350 Olds Diesel History

 

 

 

 

 

Face it, when the claim that "older engines gave diesel a bad reputation" is made, the 350 Olds comes to mind. Oldsmobile designed and produced the 5.7L, or 350 Olds in response to the oil crisis of the late 70's. First appearing in 1978, the 350 cubic inches diesel promised the creature comforts of a large, luxury car with the fuel mileage of a compact. Officially named the LF9 diesel, the Olds was offered in Chevrolet, Buick, Pontiac, Oldsmobile, and Cadillac cars, as well as light duty Chevrolet and GMC pickups. Overall, the engine proved unreliable and problematic, and unforunate blow for General Motors. The engine was removed from production altogether in 1985, despite majority of the engine's inherent flaws being addressed. Unfortunately, the 350 Olds would haunt GM for years to come as their tarnished reputation in the diesel marketplace would not be, arguably, repaired until more than a decade later.

5.7L Olds Diesel Specs

Manufacturer:

Oldsmobile

Years Built:

1978-1985

Applications:

Chevrolet, Buick, Pontiac, Oldsmobile, & Cadillac cars. GMC & Chevy light duty trucks.

Configuration:

V-8

Displacement:

350 cubic inches, 5.7 liters.

Compression:

22.5:1

Bore:

4.057 inches

Stroke:

3.385 inches

Injection:

indirect injection (IDI)

Aspiration:

naturally aspirated, non-turbo

Horsepower:

125 HP @ 3,600 RPM

Torque:

225 lb-ft. @ 1,800 RPM

 

There is an enormous misconception that the 350 Olds is based on GM's 350 gas engine. While they share similar architectural dimensions, this is a rumor. Not only would such a design be engineering suicide, but the gas engine would never live up to the cylinder pressures created by the 22.5 : 1 compression diesel. In fact, GM's official statement regarding these rumors was that "All of the major parts: block, crankshaft, rods, pistons, and lifters have been strengthened to handle the higher compression ratio." The rumor that the engines are related likely stems from a combination of the following:
• Because of the engine's identical bore and stroke, the Olds diesel could be manufactured using pre-existing tooling.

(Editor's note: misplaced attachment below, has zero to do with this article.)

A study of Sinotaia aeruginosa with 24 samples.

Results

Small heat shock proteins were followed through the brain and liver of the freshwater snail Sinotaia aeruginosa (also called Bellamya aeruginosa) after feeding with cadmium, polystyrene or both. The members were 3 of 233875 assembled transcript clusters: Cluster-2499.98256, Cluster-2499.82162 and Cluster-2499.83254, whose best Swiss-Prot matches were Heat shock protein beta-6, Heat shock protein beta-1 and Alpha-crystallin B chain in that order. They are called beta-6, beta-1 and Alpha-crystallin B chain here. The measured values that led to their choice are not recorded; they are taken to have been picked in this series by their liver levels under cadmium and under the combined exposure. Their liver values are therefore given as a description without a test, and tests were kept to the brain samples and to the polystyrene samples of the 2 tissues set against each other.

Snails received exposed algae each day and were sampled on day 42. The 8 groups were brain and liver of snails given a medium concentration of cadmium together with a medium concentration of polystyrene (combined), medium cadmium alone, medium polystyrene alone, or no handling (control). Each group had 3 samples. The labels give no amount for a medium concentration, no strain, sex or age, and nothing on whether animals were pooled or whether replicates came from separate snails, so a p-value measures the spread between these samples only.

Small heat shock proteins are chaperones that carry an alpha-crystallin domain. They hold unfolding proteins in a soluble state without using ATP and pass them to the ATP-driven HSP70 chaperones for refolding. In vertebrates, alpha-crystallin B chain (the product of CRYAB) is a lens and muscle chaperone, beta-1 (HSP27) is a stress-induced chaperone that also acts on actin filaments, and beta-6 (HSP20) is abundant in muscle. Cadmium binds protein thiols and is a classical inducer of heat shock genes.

• Not only is it easy to assume the 350 diesel is based on the 350 gas engine, but owners and outsiders alike needed to place the engine's problems on something.
Regardless, the 350 Olds was capable of up to 30 miles per gallon in the right car and with the right driver. GM continuously tried to sell buyers on its Olds diesel by identifying it with "prestige" and "status". Unfortunately, by the time most of the kinks were worked out, their customers had fled.

Common 350 Olds Diesel Problems

• Torque to yield (TTY) head bolts provide poor mounting of the cylinder heads. As a result, head gaskets can wear & fail. Head bolts were even known to sheer under the extreme cylinder pressures (the Olds diesel had a very high compression ratio, which didn't help).

• The fuel system lacks a fuel-water seperator. Any water that enters the injection pump can cause parts to corrode & fail. This can result in extensive engine damage.

• Main bolts were too short, often resulting in bottom end failure & crankshaft damage. Crankshafts were not dynamically balanced, further contributing to crankshaft failures.

• GM was in a rush to offer their diesel and be the automaker to "pioneer" the industry. As a result, production of the engine blocks for the 5.7L Olds was rushed. After casting, the "green" (green is a term used to describe a casting that has not had proper time to cure) engine blocks were rushed to assembly before the internal stresses could be relieved. This caused problems with the engines once they were run, as the heat cycles caused engine blocks to flex, often causing misalignment of the main bores. Misaligned main bores contributed to the common crankshaft failures.